Gullas
393 SCRA 334
2002

Facts:

Respondents, were the registered owners of a parcel of land, they executed a


special power of attorney authorizing petitioners Tan, a licensed real estate
broker, and his associates Tecson and Saldaña, to negotiate for the sale of the
land, at a commission of 3% of the gross price. Tan contacted the Sisters of Mary
of Banneaux, Inc. (hereafter, Sisters of Mary), areligious organization interested
in acquiring a property. The Sisters, who had already seen andinspected the land,
found the same suitable for their purpose and expressed their desire to buy it.

However, they requested that the selling price be reduced. Respondents agreed
to sell the property to the Sisters of Mary. Petitioners went to see respondents
who refused to pay the broker’s fee and alleged that another group of agents was
responsible for the sale of land to the Sisters of Mary. Petitioners filed a
complaint against the defendants for recovery of their broker’s
fee. They alleged that they were the efficient procuring cause in bringing about
the sale of the, but that their efforts in consummating the sale were frustrated by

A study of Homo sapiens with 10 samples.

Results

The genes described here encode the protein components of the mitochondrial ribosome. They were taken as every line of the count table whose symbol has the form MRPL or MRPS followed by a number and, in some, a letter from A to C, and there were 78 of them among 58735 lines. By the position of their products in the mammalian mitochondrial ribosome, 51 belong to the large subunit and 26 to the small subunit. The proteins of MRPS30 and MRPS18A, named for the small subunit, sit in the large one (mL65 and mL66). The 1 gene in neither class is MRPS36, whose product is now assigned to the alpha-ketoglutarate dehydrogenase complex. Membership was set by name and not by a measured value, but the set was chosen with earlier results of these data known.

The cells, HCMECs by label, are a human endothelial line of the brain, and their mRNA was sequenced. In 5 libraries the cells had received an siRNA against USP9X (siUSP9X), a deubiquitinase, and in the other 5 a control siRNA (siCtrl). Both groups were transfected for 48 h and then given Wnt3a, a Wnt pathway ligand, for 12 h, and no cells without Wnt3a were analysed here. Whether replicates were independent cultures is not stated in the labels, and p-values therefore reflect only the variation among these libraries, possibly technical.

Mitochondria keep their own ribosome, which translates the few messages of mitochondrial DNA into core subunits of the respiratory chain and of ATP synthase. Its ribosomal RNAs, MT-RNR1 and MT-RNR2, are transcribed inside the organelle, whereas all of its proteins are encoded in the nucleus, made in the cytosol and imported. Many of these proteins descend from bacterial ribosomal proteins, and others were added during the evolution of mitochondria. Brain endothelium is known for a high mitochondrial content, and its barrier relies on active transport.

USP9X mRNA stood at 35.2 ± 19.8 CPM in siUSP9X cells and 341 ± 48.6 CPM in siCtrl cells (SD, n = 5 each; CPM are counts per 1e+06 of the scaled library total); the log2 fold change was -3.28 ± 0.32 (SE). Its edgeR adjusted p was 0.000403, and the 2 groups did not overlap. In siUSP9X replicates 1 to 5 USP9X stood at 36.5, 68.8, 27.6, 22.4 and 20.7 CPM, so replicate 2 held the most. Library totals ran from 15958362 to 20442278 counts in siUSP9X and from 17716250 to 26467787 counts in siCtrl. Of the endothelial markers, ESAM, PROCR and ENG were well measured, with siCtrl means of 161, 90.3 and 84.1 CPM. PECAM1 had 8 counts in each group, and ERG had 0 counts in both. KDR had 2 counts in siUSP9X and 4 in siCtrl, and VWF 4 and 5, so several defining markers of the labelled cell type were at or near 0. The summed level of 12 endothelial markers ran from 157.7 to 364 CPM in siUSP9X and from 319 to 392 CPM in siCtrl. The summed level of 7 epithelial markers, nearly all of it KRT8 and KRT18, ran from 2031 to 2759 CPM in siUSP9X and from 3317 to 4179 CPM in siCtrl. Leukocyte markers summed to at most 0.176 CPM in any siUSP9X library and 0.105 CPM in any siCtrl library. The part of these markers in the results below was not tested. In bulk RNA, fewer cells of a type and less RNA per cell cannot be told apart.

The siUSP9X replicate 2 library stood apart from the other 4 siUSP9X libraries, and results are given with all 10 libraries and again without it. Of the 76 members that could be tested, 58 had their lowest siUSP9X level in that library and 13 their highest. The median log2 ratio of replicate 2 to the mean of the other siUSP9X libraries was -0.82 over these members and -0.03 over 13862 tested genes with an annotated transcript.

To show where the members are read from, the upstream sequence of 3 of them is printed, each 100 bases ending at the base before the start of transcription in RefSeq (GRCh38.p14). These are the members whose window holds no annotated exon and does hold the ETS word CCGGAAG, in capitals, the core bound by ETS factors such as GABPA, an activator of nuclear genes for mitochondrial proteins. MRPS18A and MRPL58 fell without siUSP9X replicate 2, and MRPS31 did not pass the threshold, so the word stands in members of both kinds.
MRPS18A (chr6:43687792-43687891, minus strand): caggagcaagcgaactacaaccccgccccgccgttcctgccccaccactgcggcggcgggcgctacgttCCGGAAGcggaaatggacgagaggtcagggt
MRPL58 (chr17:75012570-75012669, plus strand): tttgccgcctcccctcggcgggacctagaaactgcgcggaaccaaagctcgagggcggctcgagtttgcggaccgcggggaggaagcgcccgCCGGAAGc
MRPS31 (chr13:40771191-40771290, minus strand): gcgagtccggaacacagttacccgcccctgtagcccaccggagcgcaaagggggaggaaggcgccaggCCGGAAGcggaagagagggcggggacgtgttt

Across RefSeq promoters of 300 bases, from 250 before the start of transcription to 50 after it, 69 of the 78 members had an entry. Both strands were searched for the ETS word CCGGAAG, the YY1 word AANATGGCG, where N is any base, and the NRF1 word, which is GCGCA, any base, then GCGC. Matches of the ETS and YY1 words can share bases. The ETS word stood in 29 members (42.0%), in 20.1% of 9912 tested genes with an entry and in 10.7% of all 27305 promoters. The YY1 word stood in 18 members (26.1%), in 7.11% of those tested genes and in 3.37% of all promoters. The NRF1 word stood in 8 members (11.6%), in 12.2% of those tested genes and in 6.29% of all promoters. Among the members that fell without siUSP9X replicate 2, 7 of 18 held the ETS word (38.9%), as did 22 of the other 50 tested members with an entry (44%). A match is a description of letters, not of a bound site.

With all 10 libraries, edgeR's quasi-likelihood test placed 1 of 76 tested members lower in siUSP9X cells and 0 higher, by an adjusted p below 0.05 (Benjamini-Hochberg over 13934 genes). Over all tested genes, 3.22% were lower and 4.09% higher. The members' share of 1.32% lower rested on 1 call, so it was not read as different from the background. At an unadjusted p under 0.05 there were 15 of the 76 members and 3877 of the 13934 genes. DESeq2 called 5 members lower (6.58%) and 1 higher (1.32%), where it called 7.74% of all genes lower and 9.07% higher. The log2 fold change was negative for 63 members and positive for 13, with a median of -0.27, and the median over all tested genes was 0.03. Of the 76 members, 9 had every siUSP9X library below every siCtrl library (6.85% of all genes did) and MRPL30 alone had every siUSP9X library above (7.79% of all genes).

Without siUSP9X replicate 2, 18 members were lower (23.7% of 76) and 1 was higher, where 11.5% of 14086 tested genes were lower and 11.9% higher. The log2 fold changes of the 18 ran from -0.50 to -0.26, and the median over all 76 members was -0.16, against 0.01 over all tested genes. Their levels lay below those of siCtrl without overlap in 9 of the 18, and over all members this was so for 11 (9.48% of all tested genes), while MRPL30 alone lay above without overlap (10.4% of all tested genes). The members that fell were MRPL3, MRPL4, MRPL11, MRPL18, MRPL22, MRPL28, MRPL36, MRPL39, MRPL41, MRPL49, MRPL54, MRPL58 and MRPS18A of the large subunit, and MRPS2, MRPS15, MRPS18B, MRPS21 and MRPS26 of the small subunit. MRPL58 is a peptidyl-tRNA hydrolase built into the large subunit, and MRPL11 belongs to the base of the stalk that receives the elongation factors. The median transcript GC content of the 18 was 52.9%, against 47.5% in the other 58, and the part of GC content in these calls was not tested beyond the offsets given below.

the respondents who, in evident
bad faith, malice and in order to evade payment of broker’s fee, dealt directly
with the buyer
whom petitioners introduced to them.

Issues:
(1) Whether or not the petitioners are entitled to the brokerage commission.(2)
An agent distinguished from a broker.
Rulings:
(1) The records show that petitioner Tan is a licensed real estate broker,
andother petitioners his associates. "Broker" as "one who is engaged, for
others, on a commission,negotiating contracts relative to property with
the custody of which he has no concern; thenegotiator between other
parties, never acting in his own name but in the name of those
whoemployed him. x x x a broker is one whose occupation is to bring the
parties together, in mattersof trade, commerce or navigation." The
petitioners were responsible for the introduction of therepresentatives of
the Sisters of Mary to respondent.

(2) There was no dispute as to the role that petitioners played in the transaction.
"Anagent receives a commission upon the successful conclusion of a sale. On the
other hand, a broker earns his pay merely by bringing the buyer and the seller
together, even if no sale iseventually made." Clearly, therefore, petitioners, as
brokers, should be entitled to thecommission whether or not the sale of the
property subject matter of the contract was concludedthrough their efforts.